For most of us, flipping a wall switch is pretty much all we know about light. But, what we don’t know can hurt us – especially our eyes.
Both ultraviolet (UV) radiation and infrared (IR) radiation are potentially dangerous and exposure is common in many workplaces, so understanding what makes them dangerous and how can we reduce exposure is important.
This takes a bit to follow, but I promise it will be worthwhile knowing from an eye safety perspective. UV and IR radiation are part of the electromagnetic spectrum. The electromagnetic spectrum ranges from gamma rays at the high energy end to AM/FM radio and short waves at the low energy end. In the middle of this energy spectrum is visible light energy. Our eyes are designed to receive and interpret this electromagnetic energy in what we call visible light.
When we are exposed to excessive visible light we are protected by automatic pupil dilation to reduce the energy entering the eye. If the levels of visible light are very high, we can detect this quickly and instinctively close our eyes or turn away from the light source.
The problem is UV and IR radiation are invisible to the eye and exposure is not detectable, although IR radiation may be felt as heat. UV exposure is particularly high for workers involved in welding, brazing, and cutting operations. IR radiation is also common in these and similar operations, as well as in work around furnaces and molten metal production. Exposure to UV and IR radiation can occur in numerous workplace environments such as: outdoor work, steel mills, textile production, glass production, manufacturing, maintenance, and in industries where lasers, arc lamps, furnaces, or where electric radiant heaters are used.
Exposure to one or both is potentially damaging to the eyes, because unlike visible light our eyes are not calibrated to measure the intensity and our pupils will not respond and contract to protect us from excessive exposure. Without this natural defence, exposure is particularly dangerous to the eyes. And, even when we are being exposed to UV or IR radiation significant enough to cause damage, our sensory perception will not indicate the exposure is damaging.
Damage associated with UV and IR radiation exposure is usually chronic, occurring slowly over time. Both can cause cataracts, or a clouding of the lens, which can lead to vision loss. The more concentrated the source of exposure, the more potentially damaging it is to the eye. For this reason, employers must recognize the exposure potential, assess the hazards, and ensure proper controls are in place. Conducting an assessment will determine the level of exposure and appropriate protective eyewear can be selected. Sources of exposure should also be identified as part of the hazard assessment process. A program including engineering, administrative and personal protective equipment are typically employed to minimize the source of radiation wherever possible. The most common part of the control strategy is the use of safety eyewear. Selecting the correct safety eyewear to protect against UV and IR is specific depending on the source and wavelength of radiation and the duration of work activities.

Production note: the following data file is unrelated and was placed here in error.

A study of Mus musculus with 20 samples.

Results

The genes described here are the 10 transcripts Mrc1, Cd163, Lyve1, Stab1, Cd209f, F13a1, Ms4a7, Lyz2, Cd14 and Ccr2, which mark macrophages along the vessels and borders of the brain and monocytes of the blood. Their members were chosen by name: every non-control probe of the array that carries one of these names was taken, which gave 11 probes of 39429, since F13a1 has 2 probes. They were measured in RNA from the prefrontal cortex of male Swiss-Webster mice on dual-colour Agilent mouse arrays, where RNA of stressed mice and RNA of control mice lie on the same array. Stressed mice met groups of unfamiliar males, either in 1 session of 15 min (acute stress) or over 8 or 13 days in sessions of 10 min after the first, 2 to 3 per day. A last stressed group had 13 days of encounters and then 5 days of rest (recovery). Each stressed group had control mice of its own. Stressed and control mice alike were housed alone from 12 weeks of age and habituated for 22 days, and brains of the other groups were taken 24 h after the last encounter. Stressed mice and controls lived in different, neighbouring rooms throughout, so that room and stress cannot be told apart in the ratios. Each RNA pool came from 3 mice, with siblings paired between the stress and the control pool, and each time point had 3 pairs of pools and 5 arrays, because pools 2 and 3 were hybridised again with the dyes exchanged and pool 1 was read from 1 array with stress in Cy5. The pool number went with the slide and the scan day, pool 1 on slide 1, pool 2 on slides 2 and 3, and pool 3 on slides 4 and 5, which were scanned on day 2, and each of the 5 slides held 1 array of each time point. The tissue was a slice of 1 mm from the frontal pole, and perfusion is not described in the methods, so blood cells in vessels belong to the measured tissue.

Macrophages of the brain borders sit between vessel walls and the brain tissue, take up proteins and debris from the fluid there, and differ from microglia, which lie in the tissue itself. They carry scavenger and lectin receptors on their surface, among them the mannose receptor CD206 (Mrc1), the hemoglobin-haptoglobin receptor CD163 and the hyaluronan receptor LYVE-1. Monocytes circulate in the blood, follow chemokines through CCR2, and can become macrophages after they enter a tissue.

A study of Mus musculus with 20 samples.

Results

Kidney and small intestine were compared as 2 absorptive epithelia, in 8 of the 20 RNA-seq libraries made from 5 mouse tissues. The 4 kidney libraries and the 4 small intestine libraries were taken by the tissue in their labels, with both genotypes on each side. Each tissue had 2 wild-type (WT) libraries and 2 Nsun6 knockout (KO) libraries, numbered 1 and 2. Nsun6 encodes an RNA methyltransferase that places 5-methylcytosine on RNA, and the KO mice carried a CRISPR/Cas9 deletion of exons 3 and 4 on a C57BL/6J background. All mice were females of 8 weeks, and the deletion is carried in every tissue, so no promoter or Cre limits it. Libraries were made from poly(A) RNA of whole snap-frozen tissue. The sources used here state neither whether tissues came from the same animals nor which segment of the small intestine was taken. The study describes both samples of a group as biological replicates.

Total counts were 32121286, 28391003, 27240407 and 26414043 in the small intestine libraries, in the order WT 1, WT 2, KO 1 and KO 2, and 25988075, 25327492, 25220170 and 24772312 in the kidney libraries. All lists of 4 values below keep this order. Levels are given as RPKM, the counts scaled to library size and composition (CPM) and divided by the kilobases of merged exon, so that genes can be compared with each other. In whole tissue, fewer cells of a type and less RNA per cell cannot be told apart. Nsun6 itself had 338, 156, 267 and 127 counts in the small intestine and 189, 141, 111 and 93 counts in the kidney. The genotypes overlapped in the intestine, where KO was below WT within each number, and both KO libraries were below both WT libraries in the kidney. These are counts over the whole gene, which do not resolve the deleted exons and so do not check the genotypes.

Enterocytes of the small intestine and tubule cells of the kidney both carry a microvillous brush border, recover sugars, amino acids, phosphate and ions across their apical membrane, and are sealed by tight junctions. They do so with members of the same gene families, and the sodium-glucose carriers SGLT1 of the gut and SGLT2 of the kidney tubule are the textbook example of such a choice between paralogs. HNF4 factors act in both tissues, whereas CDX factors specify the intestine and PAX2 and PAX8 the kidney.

The requirements for protecting the eyes against UV and IR radiation are provided in Canadian Standards Association (CSA) Standard Z94.3 Eye and Face Protectors. CSA Class 1-4 safety eyewear fitted with an appropriate lens will provide protection from UV or IR radiation where a moderate or large amount of shielding is required. The Standard allows for the use of spectacles, goggles, welding helmets, or welding hand shields fitted with the appropriate lens. UV protection can be achieved by a specific treatment or colouring of safety eyewear lens. Some polycarbonate lenses have UV protection inherent in the materials of construction. IR protection is achieved by specific colouring of the lens. UV and IR protective safety eyewear come in a variety of shade levels (specified in the CSA Standard) ranging from 1.5 to 14 appropriate for the intensity of radiation. Table A.1 of the Canadian Standards Association Standard Z94.3 Eye and Face Protectors lists the range of options when selecting safety eyewear for UV and IR protection.
Users should be aware clear and tinted lenses that provide protection against UV radiation cannot be used interchangeably to protect against IR radiation. Only shaded lenses designed and approved for the specified type and level of radiation may be used.
When selecting protective eyewear, ensure it is approved for the specific use in which it will be employed, based on density of the wavelengths present in each workplace scenario. It is also important to remember that welding helmets and welding hand shields, although protective against UV exposure, are not primary eye protection approved for the workplace. Safety glasses should always be worn underneath to protect the eyes from other hazards when the helmet or hand shield is lifted. Your Eyesafe plan offers a wide selection of safety glasses to fit every face, and also provides safety lens inserts for masks.
Exposure control is essential to the effective and long-term protection of workers, and controlling exposure is manageable with proper planning and selection and use of safety eyewear.
Glyn Jones is a partner at EHS Partnerships Ltd. in Calgary. He is a consulting occupational health and safety professional with 30 years of experience. He is a regular safety conference speaker in Canada and he provides program design and instructional support to the University of New Brunswick’s OHS certificate and diploma programs.